For the second time in as many months, the federal republic of Somalia has vehemently denied claims that her Armed Forces participated in the Tigray massacre, which left thousands of people dead.
A report published by Canada-based Globe and Mail established that Somali soldiers training in Eritrea at some point crossed over to Ethiopia where they assisted the Ethiopian National Defense Forces [ENDF] in pursuing Tigray Defense Forces [TDF].
The TDF and ENDF have been at loggerheads for the last 13 months, in a war that caught the world unaware. Efforts to reconcile the two parties have largely been futile, despite frequent calls for dialogue and reconciliation.
In a statement published by Abdirashid Mohamed Hashi, the Director of Communications in Villa Somalia, the president now wants the Globe and Mail to immediately apologize or risk legal actions.
Villa Somalia insists the Somali National Army did not take part in the atrocities, arguing that there is no credible evidence to implicate Somalia over massive human rights violations. It further termed the allegations as “false and unsubstantiated”.
“The article makes false, unsubstantiated, and damaging claims about the Somali National Army which the government confirms was never deployed to Ethiopia in any capacity. There is no credible evidence of Somali soldier’s involvement in Ethiopian conflict,” read the statement.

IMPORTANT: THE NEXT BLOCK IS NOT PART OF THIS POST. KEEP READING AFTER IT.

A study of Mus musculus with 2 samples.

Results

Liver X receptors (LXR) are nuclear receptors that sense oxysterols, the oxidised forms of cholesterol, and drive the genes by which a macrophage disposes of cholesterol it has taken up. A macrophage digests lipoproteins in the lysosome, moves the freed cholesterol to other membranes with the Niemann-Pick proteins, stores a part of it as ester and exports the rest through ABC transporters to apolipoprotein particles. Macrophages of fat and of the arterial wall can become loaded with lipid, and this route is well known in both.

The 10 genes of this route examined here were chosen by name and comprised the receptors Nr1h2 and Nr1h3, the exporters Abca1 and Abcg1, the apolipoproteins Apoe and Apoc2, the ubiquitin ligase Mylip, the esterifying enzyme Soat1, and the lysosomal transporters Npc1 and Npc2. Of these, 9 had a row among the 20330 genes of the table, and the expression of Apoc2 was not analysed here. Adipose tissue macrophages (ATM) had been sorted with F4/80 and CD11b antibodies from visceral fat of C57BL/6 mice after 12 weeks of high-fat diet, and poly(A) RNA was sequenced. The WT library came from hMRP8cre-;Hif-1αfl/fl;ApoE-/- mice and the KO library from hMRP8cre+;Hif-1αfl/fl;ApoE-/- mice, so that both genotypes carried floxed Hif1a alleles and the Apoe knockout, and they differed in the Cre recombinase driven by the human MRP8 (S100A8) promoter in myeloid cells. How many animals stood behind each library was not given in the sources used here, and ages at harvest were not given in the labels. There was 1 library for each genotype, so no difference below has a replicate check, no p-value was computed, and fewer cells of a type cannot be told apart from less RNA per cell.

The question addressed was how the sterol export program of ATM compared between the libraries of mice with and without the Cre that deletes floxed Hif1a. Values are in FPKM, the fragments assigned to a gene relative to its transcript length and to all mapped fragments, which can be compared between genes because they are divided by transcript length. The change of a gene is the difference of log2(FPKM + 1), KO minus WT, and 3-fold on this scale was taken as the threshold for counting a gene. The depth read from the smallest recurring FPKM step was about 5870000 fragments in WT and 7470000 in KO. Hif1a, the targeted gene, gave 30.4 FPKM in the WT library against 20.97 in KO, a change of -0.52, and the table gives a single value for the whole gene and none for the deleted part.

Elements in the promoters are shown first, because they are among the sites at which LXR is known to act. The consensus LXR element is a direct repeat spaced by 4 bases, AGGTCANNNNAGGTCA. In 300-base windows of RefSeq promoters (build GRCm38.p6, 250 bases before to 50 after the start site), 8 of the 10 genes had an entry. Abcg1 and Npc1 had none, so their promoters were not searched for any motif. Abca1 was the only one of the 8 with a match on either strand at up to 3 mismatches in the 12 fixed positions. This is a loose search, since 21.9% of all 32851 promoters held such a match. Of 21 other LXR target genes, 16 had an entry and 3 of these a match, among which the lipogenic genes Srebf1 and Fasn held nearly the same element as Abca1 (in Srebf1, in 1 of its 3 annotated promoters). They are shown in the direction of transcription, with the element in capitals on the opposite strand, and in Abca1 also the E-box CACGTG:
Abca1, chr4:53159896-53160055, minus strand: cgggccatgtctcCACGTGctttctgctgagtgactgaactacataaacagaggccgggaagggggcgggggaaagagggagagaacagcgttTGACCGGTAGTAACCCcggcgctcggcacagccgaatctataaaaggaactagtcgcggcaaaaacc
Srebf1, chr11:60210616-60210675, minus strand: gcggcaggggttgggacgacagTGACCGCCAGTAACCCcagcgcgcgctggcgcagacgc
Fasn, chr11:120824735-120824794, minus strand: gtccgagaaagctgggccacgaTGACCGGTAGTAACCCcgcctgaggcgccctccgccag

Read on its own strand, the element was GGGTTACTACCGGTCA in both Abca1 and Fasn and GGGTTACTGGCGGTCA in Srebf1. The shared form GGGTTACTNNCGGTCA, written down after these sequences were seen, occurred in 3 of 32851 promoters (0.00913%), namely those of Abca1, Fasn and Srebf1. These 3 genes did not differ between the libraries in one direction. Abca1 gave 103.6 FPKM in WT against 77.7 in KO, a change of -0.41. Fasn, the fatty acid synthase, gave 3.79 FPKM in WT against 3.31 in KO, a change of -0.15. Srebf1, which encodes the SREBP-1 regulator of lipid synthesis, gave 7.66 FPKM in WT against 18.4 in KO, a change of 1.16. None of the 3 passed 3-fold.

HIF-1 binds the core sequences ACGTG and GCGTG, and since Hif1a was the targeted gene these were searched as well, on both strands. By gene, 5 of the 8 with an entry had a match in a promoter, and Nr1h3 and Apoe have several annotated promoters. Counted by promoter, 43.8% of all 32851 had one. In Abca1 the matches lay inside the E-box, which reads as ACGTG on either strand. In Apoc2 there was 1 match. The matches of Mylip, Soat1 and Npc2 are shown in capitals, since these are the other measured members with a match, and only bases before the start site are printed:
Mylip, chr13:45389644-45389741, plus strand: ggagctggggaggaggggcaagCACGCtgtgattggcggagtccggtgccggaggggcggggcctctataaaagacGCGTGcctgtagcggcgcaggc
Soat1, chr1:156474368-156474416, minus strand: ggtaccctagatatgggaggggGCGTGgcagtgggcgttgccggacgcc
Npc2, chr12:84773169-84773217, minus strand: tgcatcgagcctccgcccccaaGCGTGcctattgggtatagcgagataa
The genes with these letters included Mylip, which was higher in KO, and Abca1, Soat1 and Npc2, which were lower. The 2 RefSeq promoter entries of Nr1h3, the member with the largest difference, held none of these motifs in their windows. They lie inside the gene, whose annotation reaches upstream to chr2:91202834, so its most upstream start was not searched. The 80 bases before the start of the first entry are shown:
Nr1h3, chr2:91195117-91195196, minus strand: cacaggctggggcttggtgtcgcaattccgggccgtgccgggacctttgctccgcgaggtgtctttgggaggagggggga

Presidency further insisted Somalia is on the right course to democratization, arguing that by the fact Somalia is a member of the UN Human Rights Council, it has never intended to engage in such activities, especially in a foreign land.
It castigated the Globe and Mail while calling for genuine reporting on serious matters especially something to do with war. It asked the Editorial team to review its standards to avoid future embarrassments.
“Somalia is on a steady road towards returning to stability through democracy and impactful social-economic reforms. The country is a proud member of UN Human Rights Council and the government is committed to promoting human rights both at home and abroad,” it noted.
“Due to these facts, the media should report accurately. It is clear the Globe and Mail have fallen short of this standard and its own editorial guidelines and values,” Abdirashid Mohamed Hashi further said.
The report by Globe and Mail comes just a few months after the United Nations Special Rapporteur to Eritrea noted that Somali troops training in Asmara were sighted in the Tigray region. Both Ethiopia and Somalia denied the reports.
Fighting in Ethiopia has left thousands of people dead with ENDF often calling for reinforcement from Amhara regional forces and Eritrea soldiers. It’s just the beginning of the year Ethiopia Air Force was accused of using Turkish-made drones in the Tigray region.